Editorial Issue 138

Am I a naïve imbecile or what? Just as more detailed research is being published and accumulated regarding the importance of diet and nutrition in disease prevention and treatment, there appears to be a greater effort and focus in closing down health stores and quality and innovative nutritional supplements. Not to mention the increased litigation and prosecution of practitioners who recommend specific nutritional supplements, under the Kafkaesque laws classifying a supplement as a food or a drug.
I am referring to the items in Brief Takes (see page 5) EU to Outlaw Supplements and 50% Health Food Closures, as well as the letter by Byron J Richards US FDA Announces Plan to Eliminate Vitamin Companies, which I implore PH readers to study carefully.

Another similarly worrying communiqué from the Alliance for Natural Health  (www.alliance-natural-health.org), about the FDA Draft Guidance, quotes directly from the Guidance:

“The FDA Guidance speaks in plain language. We all know just how healthy raw vegetable juices are, but we are also aware that when a practitioner deals with a cancer patient, the practitioner is very likely to want them to recommend raw vegetable and fruit juices as part of the recommendations offered. This could get them into a lot of trouble, as suggested by the following quote directly from the Guidance (Docket No. 2006D-0480]:

“If the juice therapy is intended for use as part of a disease treatment regimen instead of for the general wellness, the vegetable juice would also be subject to regulation as a drug under the Act.

“It’s hard to think only of ‘general wellness’ when someone is dying of cancer. A good practitioner tends to be thinking much more about: how do I modulate the immune system? How do I increase serum antioxidant levels? How do I help the patient re-establish effective self-healing mechanisms in the body…

“In short, although it might be easy for products in the retail sector to stick within the structure/function claim constraints of Dietary Supplement Health & Education Act [DSHEA], the most difficult thing for any CAM practitioner is the context in which he or she practises. The FDA has the legal power to say that any practitioner who is seeing patients or clients with serious diseases, and are then providing recommendations, is effectively providing products which are “intended for” the “mitigation, treatment or prevention of disease”. If this were to be the interpretation, any use of dietary supplements by practitioners could be considered illegal. “This is at least as worrying as some of the developments and legal and regulatory interpretations going on in Europe, with which we are very familiar.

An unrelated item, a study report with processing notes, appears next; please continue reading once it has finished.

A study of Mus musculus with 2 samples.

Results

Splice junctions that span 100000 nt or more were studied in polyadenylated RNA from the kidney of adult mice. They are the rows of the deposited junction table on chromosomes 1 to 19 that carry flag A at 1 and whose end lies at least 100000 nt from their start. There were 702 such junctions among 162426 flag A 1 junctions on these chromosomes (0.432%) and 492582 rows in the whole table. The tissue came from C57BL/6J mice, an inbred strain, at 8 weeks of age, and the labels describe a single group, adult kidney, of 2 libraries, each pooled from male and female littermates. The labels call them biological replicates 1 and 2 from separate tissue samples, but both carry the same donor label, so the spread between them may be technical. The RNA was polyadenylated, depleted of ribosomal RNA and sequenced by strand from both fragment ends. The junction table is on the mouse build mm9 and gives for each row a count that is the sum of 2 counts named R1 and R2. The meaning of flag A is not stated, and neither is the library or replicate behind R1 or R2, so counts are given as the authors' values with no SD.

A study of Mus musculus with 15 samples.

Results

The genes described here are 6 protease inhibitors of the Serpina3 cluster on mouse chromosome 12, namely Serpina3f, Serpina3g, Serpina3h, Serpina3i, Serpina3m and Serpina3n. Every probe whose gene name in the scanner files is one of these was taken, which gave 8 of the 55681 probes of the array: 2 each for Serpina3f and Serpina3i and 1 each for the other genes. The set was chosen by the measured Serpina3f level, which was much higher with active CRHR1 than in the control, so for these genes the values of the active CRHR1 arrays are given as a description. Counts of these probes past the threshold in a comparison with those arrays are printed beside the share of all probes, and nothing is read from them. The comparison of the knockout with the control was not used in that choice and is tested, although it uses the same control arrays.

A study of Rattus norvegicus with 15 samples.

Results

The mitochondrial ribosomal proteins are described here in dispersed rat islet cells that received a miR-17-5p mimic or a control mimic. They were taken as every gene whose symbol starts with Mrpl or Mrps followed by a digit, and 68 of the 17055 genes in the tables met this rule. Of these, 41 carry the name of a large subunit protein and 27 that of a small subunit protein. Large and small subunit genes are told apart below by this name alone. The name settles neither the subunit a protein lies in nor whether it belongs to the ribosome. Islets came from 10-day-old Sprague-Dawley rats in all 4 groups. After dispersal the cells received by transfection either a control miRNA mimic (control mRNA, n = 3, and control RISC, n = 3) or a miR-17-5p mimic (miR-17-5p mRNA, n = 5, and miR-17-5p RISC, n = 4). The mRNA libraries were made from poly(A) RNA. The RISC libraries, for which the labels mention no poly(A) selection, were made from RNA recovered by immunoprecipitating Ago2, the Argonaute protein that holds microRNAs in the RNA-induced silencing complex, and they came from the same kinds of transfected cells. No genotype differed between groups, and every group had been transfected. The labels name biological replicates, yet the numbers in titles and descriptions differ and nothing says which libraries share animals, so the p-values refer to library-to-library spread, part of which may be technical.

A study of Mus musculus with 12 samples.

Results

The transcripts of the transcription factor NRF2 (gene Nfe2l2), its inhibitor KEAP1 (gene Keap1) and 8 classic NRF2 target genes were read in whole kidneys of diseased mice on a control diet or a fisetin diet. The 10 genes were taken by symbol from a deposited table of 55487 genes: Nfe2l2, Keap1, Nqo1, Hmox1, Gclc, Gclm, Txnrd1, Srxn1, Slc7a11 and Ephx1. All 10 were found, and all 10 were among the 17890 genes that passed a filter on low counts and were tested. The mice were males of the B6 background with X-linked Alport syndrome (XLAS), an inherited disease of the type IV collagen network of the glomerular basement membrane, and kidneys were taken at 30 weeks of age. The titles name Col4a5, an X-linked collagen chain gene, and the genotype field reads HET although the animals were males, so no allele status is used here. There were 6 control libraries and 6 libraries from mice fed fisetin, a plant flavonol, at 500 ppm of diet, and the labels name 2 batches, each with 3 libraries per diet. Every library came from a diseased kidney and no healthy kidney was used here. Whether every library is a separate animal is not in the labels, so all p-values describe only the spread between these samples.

“There is however a more hopeful interpretation given on page 12 of the Guidance, where the example of cranberry for urinary tract infections is explored. Fortunately the Guidance implies that the context of the practitioner-patient is probably not sufficient to constitute “intention for disease treatment”, which would otherwise make cranberry products drugs. The Guidance proffers that it is the label claim that is the deciding factor. If you stick within the area of structure/function claims and state on the label “maintains the health of the urinary tract” your product will still remain a dietary supplement. However, should your product carry a claim like “prevent urinary tract infections” you will then have ventured into drug territory.”

This suggests that doctors and nutritionists adopt a manner more like an Agatha Christie detective rather than prescribing as professional health practitioners, referring to their legal scripts and endless bureaucratic regulations instead of concentrating on which foods, nutrients or supplements could help to alleviate the patients’ conditions.

Research from well respected sources such as the Scottish Crop Research Institute (SCRI) has demonstrated (please see Short Feature page 8) that “those fruits with a purple/red colour perform particularly well – the darker the fruit the higher the anthocyanin/antioxidant content. The British blackcurrant has high levels of antioxidants, known as anthocyanins, which can help to prevent Alzheimer’s, heart disease, eye strain, MRSA and urinary tract infections.”

The Cover Story of this issue Colour Coding Your Diet by Lauryn McGuiness describes the many therapeutic effects – including antioxidant, anti-viral, anti-cancer, anti-inflammatory, immune-enhancing, anti-microbial, anti-stress – of the beneficial ingredients contained within a wide range of coloured fruits and vegetables – including lycopene and other carotenoids, isothiocyanates, vitamins C, E, B vitamins, anthocyanins, flavonoids, allicin and pectins. This is reinforced by a description of the benefits of pycnogenol (see page 26).

I would also be remiss if I didn’t strongly commend Roger Coghill’s fascinating and authoritative discussion of Bioresonance (see pages 14-19); Part II in the next issue.

With Natural Healthcare truly going pear-shaped in the Real World, perhaps we will all have to decamp to and set up a truly holistic integrated health system in the Virtual World?